Short term health insurance has gone through an exciting evolution since the passing of the Affordable Care Act.  Before the ACA going into place, the short term was a health insurance policy that you would use to ensure against major medical claims for a short period.  The most common use was coverage in between jobs.

Affordable Care Act Effect

With the passing of the Affordable Care Act, short term health insurance was becoming a product of the past.  The individual market quickly went to the exchanges, and many people were eligible for premium assistance.   This created very little demand for short term coverage.

By the second year of the ACA, people had real frustrations with the marketplaces, networks, & the skyrocketing premiums. Most people that were not receiving premium assistance started to look for options outside of the health insurance marketplace.

Suddenly, short term health insurance attracted a lot of membership because of costs, PPO network, and what appeared to be low out of pockets. This led to a lot of companies offering short term health insurance.

Short-Term Requirements

To be eligible for a short-term policy, one must go through medical underwriting, and these are where they can get denied for a preexisting condition. The medical underwriting is the reason the insurance coverage is a quarter of the price of ACA policies and why the insurance companies spend less than 50% of the premium collected on actual claims. Low consumer prices and high-profit margins created a short-term market.

In the last few years, there has been a lot of public confusion on short term coverage. This confusion was created by both agent distribution channels and people not willing to read the brochure much less the policy. Typically, the second to last page of the brochure will list most of the exclusions, but there have been additional coverages or situations where there was no coverage. The enrollment process has been a bit suspect where many completed an online enrollment with a couple of questions and a form of payment.

These enrollment procedures and the general public desperate for premium relief led to policyholders having significant issues when it came time to file claims. Post Underwriting became the primary technique of insurance companies to validate a claim. This is when the insurance companies look to deny a claim based on it being preexisting, they would order medical records from the last five to seven years. The medical records would take weeks to be released, which could lead to a disruption in care.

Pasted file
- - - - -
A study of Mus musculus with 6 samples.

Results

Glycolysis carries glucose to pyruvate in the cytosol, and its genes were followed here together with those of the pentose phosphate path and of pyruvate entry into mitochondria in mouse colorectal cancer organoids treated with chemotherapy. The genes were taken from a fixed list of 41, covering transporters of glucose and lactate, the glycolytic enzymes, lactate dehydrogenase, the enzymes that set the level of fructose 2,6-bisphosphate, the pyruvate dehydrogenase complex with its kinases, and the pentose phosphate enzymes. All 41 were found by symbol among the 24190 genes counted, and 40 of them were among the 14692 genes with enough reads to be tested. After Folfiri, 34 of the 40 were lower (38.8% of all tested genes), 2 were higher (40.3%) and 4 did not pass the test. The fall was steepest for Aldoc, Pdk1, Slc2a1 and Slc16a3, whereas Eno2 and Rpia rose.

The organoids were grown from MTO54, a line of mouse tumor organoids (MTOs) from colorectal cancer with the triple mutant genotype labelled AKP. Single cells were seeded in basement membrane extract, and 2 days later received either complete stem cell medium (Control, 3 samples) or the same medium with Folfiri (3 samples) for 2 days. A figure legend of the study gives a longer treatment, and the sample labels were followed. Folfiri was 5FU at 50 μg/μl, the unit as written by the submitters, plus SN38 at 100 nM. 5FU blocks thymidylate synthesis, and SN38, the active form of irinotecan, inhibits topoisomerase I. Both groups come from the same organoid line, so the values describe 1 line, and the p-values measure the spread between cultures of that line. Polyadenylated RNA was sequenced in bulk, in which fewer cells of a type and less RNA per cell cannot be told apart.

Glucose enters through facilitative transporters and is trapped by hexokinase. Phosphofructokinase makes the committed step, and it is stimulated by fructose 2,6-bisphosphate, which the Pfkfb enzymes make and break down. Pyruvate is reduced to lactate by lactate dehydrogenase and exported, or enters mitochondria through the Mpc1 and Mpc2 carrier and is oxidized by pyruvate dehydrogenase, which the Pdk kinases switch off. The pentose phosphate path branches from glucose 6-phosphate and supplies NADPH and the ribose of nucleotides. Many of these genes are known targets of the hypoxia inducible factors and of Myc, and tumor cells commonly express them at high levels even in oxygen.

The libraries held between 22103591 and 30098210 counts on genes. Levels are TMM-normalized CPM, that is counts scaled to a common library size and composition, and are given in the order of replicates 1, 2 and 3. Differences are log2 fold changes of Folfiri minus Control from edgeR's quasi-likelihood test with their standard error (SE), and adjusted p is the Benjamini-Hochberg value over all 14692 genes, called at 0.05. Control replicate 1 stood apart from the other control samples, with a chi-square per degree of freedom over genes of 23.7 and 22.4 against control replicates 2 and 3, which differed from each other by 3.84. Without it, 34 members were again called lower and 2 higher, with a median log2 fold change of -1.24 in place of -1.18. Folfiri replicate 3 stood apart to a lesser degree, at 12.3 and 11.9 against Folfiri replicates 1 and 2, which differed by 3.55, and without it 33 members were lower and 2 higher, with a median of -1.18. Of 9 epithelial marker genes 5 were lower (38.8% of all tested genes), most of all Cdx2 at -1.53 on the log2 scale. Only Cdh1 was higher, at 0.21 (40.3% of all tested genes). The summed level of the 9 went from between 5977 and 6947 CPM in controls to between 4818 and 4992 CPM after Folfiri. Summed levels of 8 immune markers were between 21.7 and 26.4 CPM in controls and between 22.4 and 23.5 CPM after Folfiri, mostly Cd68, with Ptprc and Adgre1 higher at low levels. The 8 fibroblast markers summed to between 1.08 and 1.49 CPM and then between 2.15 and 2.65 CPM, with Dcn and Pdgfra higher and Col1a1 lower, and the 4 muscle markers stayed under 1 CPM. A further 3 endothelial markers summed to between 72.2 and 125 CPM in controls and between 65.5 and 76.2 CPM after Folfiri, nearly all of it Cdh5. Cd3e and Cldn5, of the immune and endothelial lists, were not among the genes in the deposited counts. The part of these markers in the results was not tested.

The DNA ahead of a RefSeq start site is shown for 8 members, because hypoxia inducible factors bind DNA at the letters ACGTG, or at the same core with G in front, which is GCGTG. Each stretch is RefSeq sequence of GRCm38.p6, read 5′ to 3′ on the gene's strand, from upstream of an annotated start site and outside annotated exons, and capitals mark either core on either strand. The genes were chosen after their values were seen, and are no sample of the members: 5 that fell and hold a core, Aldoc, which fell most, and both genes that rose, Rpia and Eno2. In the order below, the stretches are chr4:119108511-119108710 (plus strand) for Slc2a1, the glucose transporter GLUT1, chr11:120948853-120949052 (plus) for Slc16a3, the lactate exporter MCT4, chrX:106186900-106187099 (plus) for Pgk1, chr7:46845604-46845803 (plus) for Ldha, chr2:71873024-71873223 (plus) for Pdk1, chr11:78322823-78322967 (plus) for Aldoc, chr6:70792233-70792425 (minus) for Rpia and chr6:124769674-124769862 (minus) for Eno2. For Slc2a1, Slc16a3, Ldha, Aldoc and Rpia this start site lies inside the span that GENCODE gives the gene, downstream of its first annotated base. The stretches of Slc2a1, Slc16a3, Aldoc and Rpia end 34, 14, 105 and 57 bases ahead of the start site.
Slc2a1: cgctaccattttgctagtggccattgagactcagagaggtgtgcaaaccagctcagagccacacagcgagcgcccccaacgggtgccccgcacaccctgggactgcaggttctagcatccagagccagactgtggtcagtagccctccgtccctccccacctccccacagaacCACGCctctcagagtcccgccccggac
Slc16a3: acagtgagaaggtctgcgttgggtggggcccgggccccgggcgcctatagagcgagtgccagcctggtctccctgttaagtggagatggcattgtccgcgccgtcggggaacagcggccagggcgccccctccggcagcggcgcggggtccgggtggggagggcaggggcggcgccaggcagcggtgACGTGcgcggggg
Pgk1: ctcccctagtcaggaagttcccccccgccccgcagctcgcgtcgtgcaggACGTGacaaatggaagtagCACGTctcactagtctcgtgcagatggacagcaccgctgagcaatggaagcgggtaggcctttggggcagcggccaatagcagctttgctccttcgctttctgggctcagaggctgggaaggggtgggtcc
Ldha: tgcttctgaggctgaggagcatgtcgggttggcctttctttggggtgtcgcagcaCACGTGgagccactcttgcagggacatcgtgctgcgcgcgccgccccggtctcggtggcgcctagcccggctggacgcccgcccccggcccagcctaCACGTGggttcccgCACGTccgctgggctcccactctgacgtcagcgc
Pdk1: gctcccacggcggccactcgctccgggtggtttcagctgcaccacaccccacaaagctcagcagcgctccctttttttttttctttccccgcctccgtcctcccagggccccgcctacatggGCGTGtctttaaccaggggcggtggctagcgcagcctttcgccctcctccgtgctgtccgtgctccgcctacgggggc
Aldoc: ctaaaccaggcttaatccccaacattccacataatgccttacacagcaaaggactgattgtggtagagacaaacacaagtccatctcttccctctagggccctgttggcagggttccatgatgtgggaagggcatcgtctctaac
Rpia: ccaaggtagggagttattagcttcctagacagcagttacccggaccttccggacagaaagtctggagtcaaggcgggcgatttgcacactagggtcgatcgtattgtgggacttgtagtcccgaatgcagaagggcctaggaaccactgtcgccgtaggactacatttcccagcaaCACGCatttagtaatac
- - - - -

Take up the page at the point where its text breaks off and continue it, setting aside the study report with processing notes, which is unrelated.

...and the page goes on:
The Future of Short-Term

As we enter 2020, short term coverage has changed from both a coverage standpoint and length of the term. There has also been greater oversight by government bodies like the Indiana Department of Insurance.  The short-term plans must go through an approval process with the state like what permanent insurance plans are required to do.

The new policies have broader coverage and less a gray area exclusions.  In Indiana, you can now purchase a short-term plan that has a term of two years. This is a game-changer.

These policies are no longer just for healthy young people. We are seeing families of five purchase these policies.  The premium saving is enormous for those that do not qualify for premium assistance. A family of five may cost $1,800 a month on the exchange and still have a $6,000 deductible. That upper-middle-class family is spending $21,600 in premium and then potentially another $12,000 in out of the pocket expense. That’s $33K a year in health care! It’s challenging to stay in the middle class with that kind of expense. A short-term policy may cost $600 a month with similar deductibles and out of pockets. The family is taking on additional risk where coverage may be limited or not covered at all, but families have to look at the pros and cons.

The most important is you don’t omit any health conditions on the applications. If the condition is listed and they approve you, there is a much higher chance of getting a denied claim covered.  If you are buying a policy to cover your family, take the time to read the brochure. Purchase the policy from a reputable carrier and broker that is local and cares about their reputation.